Institute of Archaeology


Quantum Ghost Continuum

02 February 2023, 5:00 pm–6:30 pm

A bare foot woman with dark hair wearing white trousers and a black top, standing in an arid/desert environment with her arms outstretched

The Archaeology-Heritage-Art Research Network public programme will continue with a talk given by artist Libita Sibungu on 2 February.

This event is free.

Event Information

Open to







Nastassja Simensky

Quantum Ghost Continuum

Libita Sibungu is an interdisciplinary artist working with writing, performance, photography, print and sound to build environments that weave decolonial narratives into immersive installations and poetic arrangements. Through storytelling Sibungu connects her familial history with political movements, and wider collective memories and cosmologies to amplify buried and marginalised voices.

With collective work, storytelling and performance, Sibungu gathers and samples displaced voices into holding and healing environments to explore sites of remembrance. The project continuum; Quantum Ghost (2019) is a lament to memory comprising a series of large-scale photograms, an immersive sound installation, and a programme of live performances. Mapping a journey through archives and territories related to Sibungu’s heritage, connecting the mining regions of Namibia and Cornwall, revealing how the echoes of colonialism and diasporic migration reverberate through the deep-time of geology.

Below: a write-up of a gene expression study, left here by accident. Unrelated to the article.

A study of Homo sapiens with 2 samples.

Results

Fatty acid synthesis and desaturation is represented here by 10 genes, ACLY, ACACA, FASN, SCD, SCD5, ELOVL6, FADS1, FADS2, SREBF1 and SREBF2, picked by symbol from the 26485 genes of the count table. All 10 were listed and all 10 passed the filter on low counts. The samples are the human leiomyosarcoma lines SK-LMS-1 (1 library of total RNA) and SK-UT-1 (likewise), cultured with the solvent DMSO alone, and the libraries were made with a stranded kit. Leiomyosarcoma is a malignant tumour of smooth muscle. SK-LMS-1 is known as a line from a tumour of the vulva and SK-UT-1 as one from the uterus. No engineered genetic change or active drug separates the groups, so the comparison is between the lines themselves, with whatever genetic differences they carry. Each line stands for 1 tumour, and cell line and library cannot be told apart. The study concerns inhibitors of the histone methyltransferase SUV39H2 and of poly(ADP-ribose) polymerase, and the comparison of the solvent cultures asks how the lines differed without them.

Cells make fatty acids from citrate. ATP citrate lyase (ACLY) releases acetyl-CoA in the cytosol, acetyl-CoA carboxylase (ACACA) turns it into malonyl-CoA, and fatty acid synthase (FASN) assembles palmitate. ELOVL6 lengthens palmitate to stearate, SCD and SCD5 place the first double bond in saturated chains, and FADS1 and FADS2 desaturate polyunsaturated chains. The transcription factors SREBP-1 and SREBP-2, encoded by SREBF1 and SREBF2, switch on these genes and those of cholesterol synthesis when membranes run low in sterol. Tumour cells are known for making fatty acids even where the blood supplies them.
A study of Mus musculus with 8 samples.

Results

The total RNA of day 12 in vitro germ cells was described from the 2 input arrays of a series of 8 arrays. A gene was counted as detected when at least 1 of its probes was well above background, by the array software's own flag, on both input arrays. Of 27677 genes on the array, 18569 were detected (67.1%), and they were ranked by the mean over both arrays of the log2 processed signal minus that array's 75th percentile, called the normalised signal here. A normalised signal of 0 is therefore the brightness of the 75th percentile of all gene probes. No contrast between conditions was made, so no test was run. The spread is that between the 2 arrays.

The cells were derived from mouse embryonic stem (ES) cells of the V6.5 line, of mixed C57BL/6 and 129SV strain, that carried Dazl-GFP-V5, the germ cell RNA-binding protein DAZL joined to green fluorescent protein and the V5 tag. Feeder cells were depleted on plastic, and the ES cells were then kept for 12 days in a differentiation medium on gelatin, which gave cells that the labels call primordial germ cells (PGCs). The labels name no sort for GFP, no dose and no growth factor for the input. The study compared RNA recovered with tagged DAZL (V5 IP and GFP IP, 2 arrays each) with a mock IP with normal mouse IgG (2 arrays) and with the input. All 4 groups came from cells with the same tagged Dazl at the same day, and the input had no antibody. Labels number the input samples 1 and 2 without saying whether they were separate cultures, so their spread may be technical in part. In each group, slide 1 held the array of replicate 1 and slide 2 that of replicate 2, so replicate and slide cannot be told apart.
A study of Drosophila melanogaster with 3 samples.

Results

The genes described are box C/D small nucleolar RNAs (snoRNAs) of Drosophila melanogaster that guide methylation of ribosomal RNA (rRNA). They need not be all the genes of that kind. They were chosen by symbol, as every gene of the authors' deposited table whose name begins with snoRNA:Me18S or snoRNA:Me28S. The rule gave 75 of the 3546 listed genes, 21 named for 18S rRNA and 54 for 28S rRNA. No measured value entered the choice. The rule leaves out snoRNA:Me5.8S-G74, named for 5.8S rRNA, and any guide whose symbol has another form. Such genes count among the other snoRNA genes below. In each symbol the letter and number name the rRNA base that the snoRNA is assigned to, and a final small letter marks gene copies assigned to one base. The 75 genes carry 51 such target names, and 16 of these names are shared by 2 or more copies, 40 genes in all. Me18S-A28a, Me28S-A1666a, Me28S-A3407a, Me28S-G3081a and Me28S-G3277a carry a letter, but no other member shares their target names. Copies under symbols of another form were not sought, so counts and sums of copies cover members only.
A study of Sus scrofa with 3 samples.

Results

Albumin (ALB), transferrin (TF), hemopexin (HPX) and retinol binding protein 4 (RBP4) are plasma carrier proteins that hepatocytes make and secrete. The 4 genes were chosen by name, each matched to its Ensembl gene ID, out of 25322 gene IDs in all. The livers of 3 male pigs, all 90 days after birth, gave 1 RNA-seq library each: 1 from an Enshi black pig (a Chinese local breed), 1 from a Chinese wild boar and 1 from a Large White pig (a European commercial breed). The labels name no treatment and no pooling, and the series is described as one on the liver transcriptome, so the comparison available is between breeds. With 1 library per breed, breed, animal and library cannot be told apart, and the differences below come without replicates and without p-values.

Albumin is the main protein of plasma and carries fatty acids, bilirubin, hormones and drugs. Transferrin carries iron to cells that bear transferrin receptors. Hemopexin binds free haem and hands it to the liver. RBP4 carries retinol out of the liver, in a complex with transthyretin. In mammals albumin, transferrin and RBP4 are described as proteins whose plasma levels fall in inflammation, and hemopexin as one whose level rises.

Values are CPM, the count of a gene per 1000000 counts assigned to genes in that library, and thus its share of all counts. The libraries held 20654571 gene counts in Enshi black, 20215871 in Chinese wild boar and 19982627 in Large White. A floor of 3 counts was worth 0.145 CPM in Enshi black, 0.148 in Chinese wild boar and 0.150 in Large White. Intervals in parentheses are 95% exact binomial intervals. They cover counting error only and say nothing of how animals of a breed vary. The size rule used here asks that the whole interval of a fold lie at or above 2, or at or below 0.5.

A darkened gallery/display space with three rectangular displays and spot lighting overhead

The talk is free and open to all, register for the event via the booking link above.

Archaeology-Heritage-Art research network logo

The Archaeology-Heritage-Art Research Network examines the varied ways in which archaeology, heritage and art converge across a broad range of concepts and practices, from artistic interventions in the museum space to archaeological interpretations which deploy and take inspiration from contemporary art.

The AHA 2022 PROGRAMME: INTERDISCIPLINARY METHODOLOGIES is supported with a grant from the Centre for Critical Heritage Studies.